Juliana Gruenwald, in a National Journal piece, reports that Senators Mark Warner (D, VA), Chris Coons (D, DE), Jerry Moran (R, KS) and Marco Rubio (R, FL) are proposing an immigration bill—Start-up Act 2.0—that would create two new visas.
One visa would make it easier for foreign students who’ve gained American schools’ post-graduate STEM degrees to remain in the US after graduation. These folks also would be eligible for permanent residency if they then remained employed in a STEM field for the next five years (and presumably eligible for citizenship, but this visa is separate from that).
The other visa would be for the roughly 75,000 skilled legal immigrants per year who start a business in the US, employ Americans, and invest or raise capital in the US. This entrepreneur visa would provide another pathway to permanent residence and eventually to citizenship.
This is a step in the right direction; however, it isn’t enough by itself, and it’s muddled by inclusions that, while important in their own right, have nothing to do with immigration.
It isn’t enough because it only addresses one narrow aspect of one part of a three-part immigration problem. I wrote earlier about those three parts; some of that is quoted here for convenience:
Most modern Conservatives agree that our borders need to be secured, including against illegal immigration. This need is based on…the right of any nation—the right of any society in their social compact—to determine for themselves who they will allow into their nation: no foreign entity has an inherent right to enter another nation without that nation’s permission….
There are two additional aspects to immigration, and if these are not also solved, the immigration matter will continue to be a serious risk to our national security. These two aspects are what to do about the population of illegal aliens currently present in the United States, and what to do about legal entry for immigrants into our country.
[W]e need to remove the impediments to legal immigration, we need to eliminate the quotas that put an upper bound on the number of talented who want to work here, on the number of foreign-born who are educated in our Universities and want to stay past their college days. … It simply shouldn’t be that hard to enter the United States legally. There should be border crossing stations every mile along our border….
These visas are, as I said, a step in the right direction, but the idea falls short on two fronts: it adds to the breadth and complexity of the visa bureaucracy without addressing the overall problem of legal entry for all immigrants, and it doesn’t address at all the other two aspects of our immigration problem.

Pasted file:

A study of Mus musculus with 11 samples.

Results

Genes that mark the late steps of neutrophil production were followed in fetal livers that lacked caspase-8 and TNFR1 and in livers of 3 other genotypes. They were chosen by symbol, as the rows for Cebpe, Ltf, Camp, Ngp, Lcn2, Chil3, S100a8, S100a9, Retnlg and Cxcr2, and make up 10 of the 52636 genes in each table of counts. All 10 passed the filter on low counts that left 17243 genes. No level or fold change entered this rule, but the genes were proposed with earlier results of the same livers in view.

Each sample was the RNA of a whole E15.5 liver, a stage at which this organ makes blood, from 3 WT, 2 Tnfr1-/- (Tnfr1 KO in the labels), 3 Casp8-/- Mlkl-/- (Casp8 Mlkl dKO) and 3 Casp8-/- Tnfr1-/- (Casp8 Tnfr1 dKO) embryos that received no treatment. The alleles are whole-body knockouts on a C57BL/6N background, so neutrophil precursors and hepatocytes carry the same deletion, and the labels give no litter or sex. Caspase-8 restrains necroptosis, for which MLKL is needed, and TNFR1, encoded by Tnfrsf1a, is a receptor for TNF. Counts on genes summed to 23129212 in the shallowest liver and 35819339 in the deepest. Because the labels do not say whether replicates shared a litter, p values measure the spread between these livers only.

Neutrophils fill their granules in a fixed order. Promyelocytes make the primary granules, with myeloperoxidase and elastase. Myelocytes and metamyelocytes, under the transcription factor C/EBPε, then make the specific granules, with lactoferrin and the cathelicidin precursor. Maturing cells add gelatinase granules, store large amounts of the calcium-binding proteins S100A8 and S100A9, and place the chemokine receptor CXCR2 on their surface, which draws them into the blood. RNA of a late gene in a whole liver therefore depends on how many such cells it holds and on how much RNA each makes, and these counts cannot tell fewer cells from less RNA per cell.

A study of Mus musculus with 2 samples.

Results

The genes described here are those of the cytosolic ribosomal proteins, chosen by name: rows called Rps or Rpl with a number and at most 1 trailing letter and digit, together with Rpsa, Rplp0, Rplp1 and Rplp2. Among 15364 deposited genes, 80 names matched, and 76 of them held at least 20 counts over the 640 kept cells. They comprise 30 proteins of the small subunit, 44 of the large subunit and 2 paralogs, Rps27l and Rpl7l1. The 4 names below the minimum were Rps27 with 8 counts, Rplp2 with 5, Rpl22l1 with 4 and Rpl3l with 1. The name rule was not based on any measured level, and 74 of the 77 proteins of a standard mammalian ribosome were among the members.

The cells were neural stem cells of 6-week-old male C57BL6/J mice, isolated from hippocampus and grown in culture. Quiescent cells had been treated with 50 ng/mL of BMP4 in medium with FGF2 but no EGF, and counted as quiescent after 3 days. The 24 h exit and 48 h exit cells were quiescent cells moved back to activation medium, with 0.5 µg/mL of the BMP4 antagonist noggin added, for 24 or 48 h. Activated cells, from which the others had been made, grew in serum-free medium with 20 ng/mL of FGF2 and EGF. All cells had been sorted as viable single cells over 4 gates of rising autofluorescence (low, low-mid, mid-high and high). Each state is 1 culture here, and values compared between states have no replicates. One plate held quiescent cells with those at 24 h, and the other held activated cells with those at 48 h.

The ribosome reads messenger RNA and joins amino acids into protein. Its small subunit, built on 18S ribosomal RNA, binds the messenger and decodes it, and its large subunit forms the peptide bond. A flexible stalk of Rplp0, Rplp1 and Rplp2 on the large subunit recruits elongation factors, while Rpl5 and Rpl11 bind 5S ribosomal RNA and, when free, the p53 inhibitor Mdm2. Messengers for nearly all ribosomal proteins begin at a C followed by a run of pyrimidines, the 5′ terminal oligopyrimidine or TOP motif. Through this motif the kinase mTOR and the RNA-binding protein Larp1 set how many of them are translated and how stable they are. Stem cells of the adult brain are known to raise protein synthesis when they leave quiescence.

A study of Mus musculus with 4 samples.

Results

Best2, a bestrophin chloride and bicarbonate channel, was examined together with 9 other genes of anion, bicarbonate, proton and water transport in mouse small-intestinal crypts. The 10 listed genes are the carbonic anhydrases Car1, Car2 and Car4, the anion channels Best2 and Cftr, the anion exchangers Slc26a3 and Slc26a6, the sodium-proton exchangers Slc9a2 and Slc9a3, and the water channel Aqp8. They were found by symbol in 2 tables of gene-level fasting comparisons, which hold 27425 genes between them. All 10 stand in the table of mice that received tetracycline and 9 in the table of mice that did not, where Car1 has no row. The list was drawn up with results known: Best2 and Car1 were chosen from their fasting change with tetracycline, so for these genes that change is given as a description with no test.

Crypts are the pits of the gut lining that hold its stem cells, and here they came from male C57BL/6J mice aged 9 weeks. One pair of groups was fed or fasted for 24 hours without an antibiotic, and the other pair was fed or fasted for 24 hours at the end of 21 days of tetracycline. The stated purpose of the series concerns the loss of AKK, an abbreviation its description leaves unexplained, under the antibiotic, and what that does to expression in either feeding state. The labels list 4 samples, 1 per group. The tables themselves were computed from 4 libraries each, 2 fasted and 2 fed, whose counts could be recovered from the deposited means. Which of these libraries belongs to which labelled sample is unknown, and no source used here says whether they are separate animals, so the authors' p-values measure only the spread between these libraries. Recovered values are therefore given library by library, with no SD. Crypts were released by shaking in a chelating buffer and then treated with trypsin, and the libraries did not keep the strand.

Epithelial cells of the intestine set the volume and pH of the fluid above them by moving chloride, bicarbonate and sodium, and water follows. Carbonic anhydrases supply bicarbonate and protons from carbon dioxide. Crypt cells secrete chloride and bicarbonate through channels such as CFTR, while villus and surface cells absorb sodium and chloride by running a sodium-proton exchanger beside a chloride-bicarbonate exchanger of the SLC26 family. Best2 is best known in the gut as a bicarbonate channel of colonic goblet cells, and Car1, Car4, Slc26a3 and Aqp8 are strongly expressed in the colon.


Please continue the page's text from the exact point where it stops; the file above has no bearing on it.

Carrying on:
The muddle consists of tax and regulation clauses that the Senators consider politically necessary to get the bill passed—or at least publicly debated in Senator Harry Reid’s (D, NV) Senate. Among these extraneous items are:
- a tax credit intended to encourage start-ups to engage in R&D,
- a tax exemption that would eliminate capital gains taxes on investments in start-ups held for at least five years, and
- a requirement that any new regulation with an impact of $100 million or more be subject to a cost-benefit analysis prior to approval.
These are important in their own right, and the need to include these things, which are irrelevant to an immigration bill, in an immigration bill is a testament to the partisan, obstructionist nature of the Democrats’ hold on the Senate.
The tax questions are better handled in a tax reform bill that moves to a flat tax and maintains that flatness by eliminating subsidies of all types. The isolated regulation item is better handled in a separate regulatory reform bill that eliminates most of the existing regulations (much of which are mutually conflicting, much more of which are obsolete) and that returns regulation generation to the Congress as the most direct means of forcing that body actively to satisfy in its regulatory oversight responsibility.
The Senators’ immigration bill is well worth supporting, but only if it’s made clear that this is only an opening salvo in the struggle seriously to reform our immigration process.